India looks colourful from space: Sunita Williams
Jan 11, 2007 - 12:21:50 PM
New Delhi, Jan 11 - Space is an amazing place where there are no borders, said Indian American astronaut Sunita Williams in a live chat from her home among the stars, her hair waving upwards and necklace floating about her neck in the zero-gravity room.
'Space is an amazing place for all. Here there are no borders, and the world is very peaceful here,' said Sunita, chatting with her audience in India from the International Space Station -, orbiting more than 400 km above Earth.
Attired in a sky-blue half-shirt and grey shorts, Sunita told her audience of nearly 80 people, including 60 students, at the American Center here Wednesday night: 'From above, the world looks like a beautiful place, where people live peacefully.'
As her fellow astronaut Spanish-born Michael Lopez-Algeria interacted with his country men for 10 minutes before her turn came, 'Suni' as Sunita is fondly called by her colleagues, smiled and rubbed her hands together in the cabin - a curious compartment crisscrossed with thick wires, shelves containing cubes filled with liquid foods and a red cloth at the back like a flag.
At 10.20 p.m. India time, Sunita picked up the black mouthpiece of the satellite phone, smiled and listened attentively to a question by a student on future settlements in space and the growing terror threat on earth.
'Thanks, it's an important point. Space has no borders. Here every one works together. It's really great. I wish I could share this with you,' said Sunita, her black wristwatch catching the attention of the audience down on earth.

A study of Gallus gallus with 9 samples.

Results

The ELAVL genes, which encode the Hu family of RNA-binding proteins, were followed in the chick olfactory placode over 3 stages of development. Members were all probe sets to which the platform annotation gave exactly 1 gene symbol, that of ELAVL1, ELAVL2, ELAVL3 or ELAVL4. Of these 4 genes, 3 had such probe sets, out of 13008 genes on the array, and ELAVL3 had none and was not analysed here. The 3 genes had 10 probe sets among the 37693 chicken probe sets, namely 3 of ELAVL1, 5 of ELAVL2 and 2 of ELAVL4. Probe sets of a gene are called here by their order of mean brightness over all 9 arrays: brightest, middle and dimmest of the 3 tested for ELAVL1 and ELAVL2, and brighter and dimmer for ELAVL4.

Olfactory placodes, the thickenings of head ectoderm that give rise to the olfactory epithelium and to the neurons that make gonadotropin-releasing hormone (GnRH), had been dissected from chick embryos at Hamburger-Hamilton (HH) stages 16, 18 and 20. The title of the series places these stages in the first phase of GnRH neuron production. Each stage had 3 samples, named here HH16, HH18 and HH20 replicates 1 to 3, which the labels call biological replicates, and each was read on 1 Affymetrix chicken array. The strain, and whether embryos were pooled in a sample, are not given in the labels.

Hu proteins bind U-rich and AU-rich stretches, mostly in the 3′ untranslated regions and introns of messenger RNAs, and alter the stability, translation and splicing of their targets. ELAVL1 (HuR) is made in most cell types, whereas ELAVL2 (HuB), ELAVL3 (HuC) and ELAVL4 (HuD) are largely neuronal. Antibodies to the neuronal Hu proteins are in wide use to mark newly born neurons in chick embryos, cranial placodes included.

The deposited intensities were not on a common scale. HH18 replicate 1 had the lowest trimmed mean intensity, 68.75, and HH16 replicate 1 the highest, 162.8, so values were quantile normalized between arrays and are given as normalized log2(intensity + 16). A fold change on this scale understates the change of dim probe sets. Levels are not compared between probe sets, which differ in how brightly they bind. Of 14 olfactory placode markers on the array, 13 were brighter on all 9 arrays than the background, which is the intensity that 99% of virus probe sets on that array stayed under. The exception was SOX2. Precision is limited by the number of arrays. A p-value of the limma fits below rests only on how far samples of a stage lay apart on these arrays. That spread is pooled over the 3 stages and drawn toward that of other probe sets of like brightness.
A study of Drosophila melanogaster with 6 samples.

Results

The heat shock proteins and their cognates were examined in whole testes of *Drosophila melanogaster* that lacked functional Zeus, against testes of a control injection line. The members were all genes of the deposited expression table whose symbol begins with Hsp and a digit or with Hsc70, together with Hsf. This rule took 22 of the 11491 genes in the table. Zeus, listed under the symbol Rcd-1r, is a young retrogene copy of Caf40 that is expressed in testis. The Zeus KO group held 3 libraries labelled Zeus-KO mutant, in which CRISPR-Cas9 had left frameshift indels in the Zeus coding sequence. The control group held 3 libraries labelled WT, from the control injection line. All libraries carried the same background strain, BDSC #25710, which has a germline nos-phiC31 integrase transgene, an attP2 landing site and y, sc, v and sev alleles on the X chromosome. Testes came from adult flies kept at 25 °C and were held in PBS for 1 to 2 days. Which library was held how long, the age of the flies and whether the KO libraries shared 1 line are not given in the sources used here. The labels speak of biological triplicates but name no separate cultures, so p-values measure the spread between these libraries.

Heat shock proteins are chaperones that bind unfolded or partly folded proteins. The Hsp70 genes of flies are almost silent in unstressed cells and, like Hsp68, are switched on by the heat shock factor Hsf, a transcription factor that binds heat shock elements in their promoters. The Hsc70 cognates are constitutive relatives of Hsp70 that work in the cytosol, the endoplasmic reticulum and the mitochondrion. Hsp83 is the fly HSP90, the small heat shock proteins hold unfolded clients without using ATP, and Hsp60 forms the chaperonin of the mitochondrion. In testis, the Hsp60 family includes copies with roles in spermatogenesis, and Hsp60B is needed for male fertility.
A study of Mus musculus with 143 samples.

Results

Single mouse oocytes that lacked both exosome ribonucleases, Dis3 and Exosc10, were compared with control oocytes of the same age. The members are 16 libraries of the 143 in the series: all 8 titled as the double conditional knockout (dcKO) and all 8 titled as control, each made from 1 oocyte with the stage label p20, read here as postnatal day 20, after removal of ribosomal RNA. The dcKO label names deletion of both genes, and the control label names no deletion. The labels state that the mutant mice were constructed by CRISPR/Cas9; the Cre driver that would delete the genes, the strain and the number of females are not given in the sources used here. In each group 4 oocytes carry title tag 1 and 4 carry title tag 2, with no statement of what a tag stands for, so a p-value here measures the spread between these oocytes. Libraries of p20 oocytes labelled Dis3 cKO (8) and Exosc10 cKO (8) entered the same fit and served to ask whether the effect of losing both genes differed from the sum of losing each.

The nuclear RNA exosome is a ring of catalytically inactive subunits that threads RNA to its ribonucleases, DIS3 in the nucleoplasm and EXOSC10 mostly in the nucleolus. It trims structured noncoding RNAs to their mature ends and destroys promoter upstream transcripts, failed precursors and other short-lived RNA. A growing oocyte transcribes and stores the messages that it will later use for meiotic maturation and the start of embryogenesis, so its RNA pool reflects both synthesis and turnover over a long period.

Reiterating the words of the first Indian in space, Rakesh Sharma, who said that India is the most beautiful country, Sunita said: 'I have the opportunity to look at India a number of times from the spacecraft, and it looks beautiful.'
'It's a colourful country, with greenery and red mountains. Just great,' she said.
Commenting on the successful launch in India of an indigenously built satellite launch vehicle that carried four satellites, she said: 'Congratulations. It's a great achievement.'
To a question on India's plan for a manned mission to the moon in the near future, Sunita said it was a great idea.
'It would be great if India goes for it. Space missions are engineering projects, biological projects and physics projects. They is coordination of all,' she said, citing the ISS, which is the result of coordination by 16 countries.
Future explorations to the moon and mars would give further insight on how to save the planet for the future generation. 'It will give new clues,' she said, tasting her liquid food packed in a transparent container.
Explaining her experiences in space, Sunita, who had earlier spent nine days under water in another experimentation before the Dec 10 mission, said: 'It's my first visit. I am understanding space and the space craft.'
When she took off on the space shuttle Discovery for her six-month sojourn in space, she carried with her a copy of the Bhagavad Gita, a small idol of Lord Ganesha and a letter written by her Indian-born father Deepak Pandya, besides some samosas in a special container.